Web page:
IT was the very early hours of a cold August Saturday morning 30 years ago that changed the city's historic streetscape forever.
When Reids department store caught fire on August 17, 1985 the city was in shock.
The intense heat of the fire melted the face of the post office clock. The hands stopped at 2.45am which was when the fire was at its height.
The fire spread quickly and there was little fire crews could do except to contain the fire.
Built in the prime position on the corner of Brisbane and Bell streets it was an iconic part of the heart of the city.
Redevelopment of prominent historic buildings had already seen changes in the city's central streetscape and the shock soon turned to controversy.
The ferocity of the fire convinced police it was deliberately lit and they appealed to the public for information. Four young people were charged with arson and given prison sentences, but were acquitted on appeal.
The Kern Corporation moved in to develop the prominent site in 1986 creating the Ipswich City Square.
The city's then mayor Des Freeman yesterday reflected on the shock of the fire and the devastating impact it had on the city.
"I remember an early morning phone call and arriving at the corner of Brisbane and Bell Street to a smoke filled morning and crowds of people gathered. It was a very sad day," Mr Freeman said.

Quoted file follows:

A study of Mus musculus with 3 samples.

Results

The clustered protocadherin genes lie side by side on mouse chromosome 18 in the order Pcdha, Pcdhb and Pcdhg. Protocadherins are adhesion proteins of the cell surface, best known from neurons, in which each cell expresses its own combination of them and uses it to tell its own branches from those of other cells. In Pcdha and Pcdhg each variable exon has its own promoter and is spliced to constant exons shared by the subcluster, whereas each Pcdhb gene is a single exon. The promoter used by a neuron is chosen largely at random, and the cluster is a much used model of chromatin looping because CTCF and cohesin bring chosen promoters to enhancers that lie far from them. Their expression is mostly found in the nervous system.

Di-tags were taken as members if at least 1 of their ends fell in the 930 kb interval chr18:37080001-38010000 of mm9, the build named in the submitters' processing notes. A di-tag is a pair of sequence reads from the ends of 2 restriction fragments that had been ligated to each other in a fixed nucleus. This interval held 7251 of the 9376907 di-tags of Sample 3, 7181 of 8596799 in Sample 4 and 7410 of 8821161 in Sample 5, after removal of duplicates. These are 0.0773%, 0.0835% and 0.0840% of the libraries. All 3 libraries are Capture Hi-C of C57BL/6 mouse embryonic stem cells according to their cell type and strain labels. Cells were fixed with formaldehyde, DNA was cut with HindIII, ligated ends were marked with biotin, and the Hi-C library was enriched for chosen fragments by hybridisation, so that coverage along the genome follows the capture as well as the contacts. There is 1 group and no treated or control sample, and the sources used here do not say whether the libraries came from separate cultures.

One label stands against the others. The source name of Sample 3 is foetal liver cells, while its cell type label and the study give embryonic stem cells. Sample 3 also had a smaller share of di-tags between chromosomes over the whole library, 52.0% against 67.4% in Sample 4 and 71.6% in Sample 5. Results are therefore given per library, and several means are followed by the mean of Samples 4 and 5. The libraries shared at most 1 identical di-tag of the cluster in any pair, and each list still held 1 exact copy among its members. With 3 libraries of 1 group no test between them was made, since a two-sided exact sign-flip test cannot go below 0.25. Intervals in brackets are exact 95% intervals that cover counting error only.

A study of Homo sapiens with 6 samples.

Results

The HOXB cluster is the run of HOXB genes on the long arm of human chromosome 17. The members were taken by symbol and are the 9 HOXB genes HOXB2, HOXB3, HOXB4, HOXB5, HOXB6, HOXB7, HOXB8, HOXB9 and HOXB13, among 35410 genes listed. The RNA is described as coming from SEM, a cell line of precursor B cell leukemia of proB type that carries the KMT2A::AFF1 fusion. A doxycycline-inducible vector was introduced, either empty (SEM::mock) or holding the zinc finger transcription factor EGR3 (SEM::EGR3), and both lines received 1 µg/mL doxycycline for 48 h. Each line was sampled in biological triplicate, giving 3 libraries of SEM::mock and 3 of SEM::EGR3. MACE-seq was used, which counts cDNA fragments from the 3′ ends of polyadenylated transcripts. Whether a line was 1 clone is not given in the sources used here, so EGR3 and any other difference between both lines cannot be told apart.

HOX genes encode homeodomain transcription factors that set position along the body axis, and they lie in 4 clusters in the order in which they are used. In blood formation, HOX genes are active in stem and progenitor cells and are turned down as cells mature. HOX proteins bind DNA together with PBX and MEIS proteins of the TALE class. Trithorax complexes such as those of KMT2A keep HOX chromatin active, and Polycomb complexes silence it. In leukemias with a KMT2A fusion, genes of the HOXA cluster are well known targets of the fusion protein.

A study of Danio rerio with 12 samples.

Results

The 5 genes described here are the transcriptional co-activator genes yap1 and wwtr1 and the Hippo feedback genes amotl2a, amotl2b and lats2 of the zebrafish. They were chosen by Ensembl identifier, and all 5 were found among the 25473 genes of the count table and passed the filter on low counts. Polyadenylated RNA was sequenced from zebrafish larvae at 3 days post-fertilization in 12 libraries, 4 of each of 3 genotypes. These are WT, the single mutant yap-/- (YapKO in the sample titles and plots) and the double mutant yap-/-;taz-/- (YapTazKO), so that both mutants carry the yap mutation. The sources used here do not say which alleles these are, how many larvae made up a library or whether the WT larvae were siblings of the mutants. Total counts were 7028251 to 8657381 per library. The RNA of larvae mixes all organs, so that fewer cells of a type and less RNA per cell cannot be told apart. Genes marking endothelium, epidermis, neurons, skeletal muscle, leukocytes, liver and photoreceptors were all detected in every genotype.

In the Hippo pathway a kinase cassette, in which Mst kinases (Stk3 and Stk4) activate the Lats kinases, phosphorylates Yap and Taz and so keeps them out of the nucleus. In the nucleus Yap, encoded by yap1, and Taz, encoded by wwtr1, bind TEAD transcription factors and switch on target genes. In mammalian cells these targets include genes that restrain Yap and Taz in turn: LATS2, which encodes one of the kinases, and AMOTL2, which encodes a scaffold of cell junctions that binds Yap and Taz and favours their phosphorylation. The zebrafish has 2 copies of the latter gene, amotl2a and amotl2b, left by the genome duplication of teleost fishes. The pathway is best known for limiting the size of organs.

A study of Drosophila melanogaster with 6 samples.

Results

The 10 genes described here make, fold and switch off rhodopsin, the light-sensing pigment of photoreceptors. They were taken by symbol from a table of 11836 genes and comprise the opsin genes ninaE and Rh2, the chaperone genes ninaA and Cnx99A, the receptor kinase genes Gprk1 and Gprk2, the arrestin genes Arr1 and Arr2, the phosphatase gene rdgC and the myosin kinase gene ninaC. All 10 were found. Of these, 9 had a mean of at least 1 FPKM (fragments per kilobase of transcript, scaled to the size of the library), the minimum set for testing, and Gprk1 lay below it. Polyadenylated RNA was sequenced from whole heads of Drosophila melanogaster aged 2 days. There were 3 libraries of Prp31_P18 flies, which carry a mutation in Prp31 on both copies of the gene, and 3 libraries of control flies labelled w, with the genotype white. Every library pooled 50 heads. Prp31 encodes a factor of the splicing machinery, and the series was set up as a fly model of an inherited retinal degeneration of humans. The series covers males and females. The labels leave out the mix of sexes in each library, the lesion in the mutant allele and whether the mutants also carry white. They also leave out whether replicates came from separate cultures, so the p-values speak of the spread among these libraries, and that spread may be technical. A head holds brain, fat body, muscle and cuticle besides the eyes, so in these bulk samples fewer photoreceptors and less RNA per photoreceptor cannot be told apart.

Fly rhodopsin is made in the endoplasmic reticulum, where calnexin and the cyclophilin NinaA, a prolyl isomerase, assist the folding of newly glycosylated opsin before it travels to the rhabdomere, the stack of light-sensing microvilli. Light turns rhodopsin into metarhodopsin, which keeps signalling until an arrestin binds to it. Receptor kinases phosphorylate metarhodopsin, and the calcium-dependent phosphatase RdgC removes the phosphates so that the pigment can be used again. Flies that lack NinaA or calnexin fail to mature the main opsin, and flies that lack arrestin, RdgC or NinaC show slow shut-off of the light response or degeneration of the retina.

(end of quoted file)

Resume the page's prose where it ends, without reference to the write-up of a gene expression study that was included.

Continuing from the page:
"It was like losing a life-long friend; someone who had been with you all of your life and met all of your needs and all of a sudden it was gone.
"It was the dominant feature of commercial business life in Ipswich."
The damage bill had been estimated at $10 million and the store employed 170 staff.
Raceview mum Karen French had been working at Reids for four years when the building burnt down.
"I was holidaying in Noosa when I was told about the fire," she said.
"As soon as I got the news I immediately drove back home. I just couldn't settle.
"The department store had started setting up for the spring - it was a devastating loss.
"It was a department store where you find just about anything you were looking for. Until Riverlink was built, shopping was never the same in Ipswich."
- MORE ON THIS STORY: Symbol of the city's prosperity reduced to a blackened shell
A government lab technician at the time, Mayor Paul Pisasale was at a fancy dress fundraiser for Jaycees (Australian Junior Chamber) at Queens Park when the fire broke out.
"I can still see the flames, I can still smell the smoke and I still feel the devastation it cost our city," Cr Pisasale said.
"That corner used to be the meeting place and when that burnt down it ripped the heart and soul out of this city. Hopefully the plan we are launching the next few months will reinstate that heart and soul. It has taken us 30 years really to rebuild. People just don't realise the effect it had on our city."